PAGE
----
If I were to ask you to picture the typical man on a night out in Tigerland, you would probably imagine them wearing something like this: a purple polo, khaki shorts or pants, Sperry's and a baseball cap. The style is commonly associated with frat boys, but many of non-fraternity affiliated men sport the same outfit on their nights out.
There is nothing wrong with wanting to dress like other men, especially if the style is one that you genuinely enjoy wearing. From a sociological point of view, clothing is one of the primary methods we demonstrate group membership. Wearing an LSU polo can be an easy way of proudly affirming your status as a Tiger.
However, given the sheer volume of men wearing the exact same outfits, night after night, at bars across Baton Rouge, I suspect that a big part of men’s reliance on the outfit is an unwillingness to try anything more out-of-the-box.
As a woman, it can be frustrating to put effort into choosing an outfit, styling your hair and applying the right makeup, just to encounter a sea of men wearing identical outfits. This frustration does not stem from wishing that I could spend less time on my appearance and still be within the social norm. Rather, the process of getting ready is a ritual that adds to the excitement of a night out for many women, and I wish that more men could recognize the benefit of caring about your appearance instead of ridiculing it.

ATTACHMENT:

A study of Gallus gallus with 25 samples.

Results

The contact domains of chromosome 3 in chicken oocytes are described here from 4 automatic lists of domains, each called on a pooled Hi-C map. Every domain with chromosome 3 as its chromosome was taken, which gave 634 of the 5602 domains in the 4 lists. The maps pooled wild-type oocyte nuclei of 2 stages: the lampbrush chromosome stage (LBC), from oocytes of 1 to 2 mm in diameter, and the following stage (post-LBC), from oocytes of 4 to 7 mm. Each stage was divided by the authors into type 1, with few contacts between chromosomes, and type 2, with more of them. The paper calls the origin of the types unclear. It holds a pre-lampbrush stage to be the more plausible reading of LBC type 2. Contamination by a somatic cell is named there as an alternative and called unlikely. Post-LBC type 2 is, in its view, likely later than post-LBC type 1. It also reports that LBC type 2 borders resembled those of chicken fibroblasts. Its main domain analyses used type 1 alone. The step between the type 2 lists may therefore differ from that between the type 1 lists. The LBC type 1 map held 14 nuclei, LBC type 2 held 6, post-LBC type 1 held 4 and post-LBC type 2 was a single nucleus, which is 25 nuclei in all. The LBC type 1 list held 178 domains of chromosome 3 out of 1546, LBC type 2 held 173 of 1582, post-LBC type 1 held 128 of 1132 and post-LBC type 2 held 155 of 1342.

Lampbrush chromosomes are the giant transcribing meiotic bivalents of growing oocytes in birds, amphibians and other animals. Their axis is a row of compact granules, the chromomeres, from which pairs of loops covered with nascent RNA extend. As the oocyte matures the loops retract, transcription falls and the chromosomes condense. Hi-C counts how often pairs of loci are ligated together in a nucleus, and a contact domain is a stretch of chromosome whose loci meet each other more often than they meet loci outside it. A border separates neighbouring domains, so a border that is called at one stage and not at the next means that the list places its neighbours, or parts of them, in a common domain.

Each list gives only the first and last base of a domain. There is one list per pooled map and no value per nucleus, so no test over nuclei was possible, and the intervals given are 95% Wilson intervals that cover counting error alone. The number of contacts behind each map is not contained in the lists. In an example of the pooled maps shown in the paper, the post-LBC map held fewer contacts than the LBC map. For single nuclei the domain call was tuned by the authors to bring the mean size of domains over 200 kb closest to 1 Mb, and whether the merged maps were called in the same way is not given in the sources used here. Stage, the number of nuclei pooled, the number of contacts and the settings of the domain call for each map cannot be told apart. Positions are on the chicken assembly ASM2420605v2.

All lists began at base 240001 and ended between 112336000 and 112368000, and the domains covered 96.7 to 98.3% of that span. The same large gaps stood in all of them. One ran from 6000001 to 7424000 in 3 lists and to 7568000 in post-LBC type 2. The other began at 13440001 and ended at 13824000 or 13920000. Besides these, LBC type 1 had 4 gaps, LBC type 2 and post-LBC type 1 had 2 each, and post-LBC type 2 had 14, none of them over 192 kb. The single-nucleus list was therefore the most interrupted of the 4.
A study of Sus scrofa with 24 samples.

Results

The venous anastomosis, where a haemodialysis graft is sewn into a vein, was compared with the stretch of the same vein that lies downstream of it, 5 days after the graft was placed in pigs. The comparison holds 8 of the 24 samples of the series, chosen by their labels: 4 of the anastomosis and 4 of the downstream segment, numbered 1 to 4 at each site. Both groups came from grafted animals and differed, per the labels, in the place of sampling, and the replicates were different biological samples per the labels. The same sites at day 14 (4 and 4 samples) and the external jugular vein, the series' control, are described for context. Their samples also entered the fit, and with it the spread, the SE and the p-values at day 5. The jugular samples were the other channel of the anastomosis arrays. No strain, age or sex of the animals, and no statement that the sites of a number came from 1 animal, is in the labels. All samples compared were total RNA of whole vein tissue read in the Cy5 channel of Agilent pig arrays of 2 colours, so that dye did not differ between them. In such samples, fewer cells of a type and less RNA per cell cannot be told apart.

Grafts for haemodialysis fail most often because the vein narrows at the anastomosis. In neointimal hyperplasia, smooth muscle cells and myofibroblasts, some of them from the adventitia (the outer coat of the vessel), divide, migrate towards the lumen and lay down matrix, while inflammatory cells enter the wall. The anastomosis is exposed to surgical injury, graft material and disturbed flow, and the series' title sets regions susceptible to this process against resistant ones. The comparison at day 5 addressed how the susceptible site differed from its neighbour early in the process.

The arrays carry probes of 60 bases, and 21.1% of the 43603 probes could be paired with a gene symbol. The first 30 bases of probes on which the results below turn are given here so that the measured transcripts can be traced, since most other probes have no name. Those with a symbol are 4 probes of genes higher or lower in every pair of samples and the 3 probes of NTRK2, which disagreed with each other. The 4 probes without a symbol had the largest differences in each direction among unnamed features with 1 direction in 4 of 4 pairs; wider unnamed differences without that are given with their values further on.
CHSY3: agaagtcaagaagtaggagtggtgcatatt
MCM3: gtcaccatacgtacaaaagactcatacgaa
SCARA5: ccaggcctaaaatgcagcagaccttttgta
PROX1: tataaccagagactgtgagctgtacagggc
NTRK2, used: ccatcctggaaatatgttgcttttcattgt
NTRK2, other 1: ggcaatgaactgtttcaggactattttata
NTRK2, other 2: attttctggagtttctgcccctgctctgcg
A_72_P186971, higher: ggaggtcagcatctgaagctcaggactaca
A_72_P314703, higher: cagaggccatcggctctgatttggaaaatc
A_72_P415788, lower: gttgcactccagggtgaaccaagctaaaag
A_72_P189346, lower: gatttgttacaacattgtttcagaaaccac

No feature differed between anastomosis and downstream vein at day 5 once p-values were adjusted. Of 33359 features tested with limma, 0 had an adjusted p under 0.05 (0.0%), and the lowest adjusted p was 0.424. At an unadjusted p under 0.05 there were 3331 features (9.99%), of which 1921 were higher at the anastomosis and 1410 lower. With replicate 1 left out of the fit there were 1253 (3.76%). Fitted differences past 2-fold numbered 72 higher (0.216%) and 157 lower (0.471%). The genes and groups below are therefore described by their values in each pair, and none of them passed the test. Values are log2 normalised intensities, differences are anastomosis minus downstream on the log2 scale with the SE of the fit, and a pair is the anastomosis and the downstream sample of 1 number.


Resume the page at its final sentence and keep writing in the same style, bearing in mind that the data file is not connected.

By dressing up, you create a clear distinction between your “normal self” and your “party self.” Although subtle, this subconscious shift can impact mood, excitement and willingness to go out at all. These assertions are not only based on my personal experiences, but also those of my friends.
In a 2015 study, participants randomly assigned to wear formal clothes exhibited greater abstract thinking and perceptions of power than those assigned to wear casual clothes. It is not a big leap to see how these findings may extend to the psychology of dressing for a night out.
Putting greater thought into an outfit does not mean sacrificing individuality or comfort. In fact, relinquishing the polo, khaki and Sperry uniform could do the very opposite. A new look could make you more confident, and you just might have more fun on your night out. Similarly, your individualistic outfit will make you stand out from the crowd, increasing the chances that you catch the eye of a Tigerland belle.
So to all the men who feel like their Tigerland experience is lacking, spend a few extra minutes rummaging in your closet next time you are getting ready to go out. It might make the difference between a lackluster night of blending in, and a next-level night of Tigerland fun.
Cécile Girard is a 19-year-old biology and psychology sophomore from Lake Charles, Louisiana.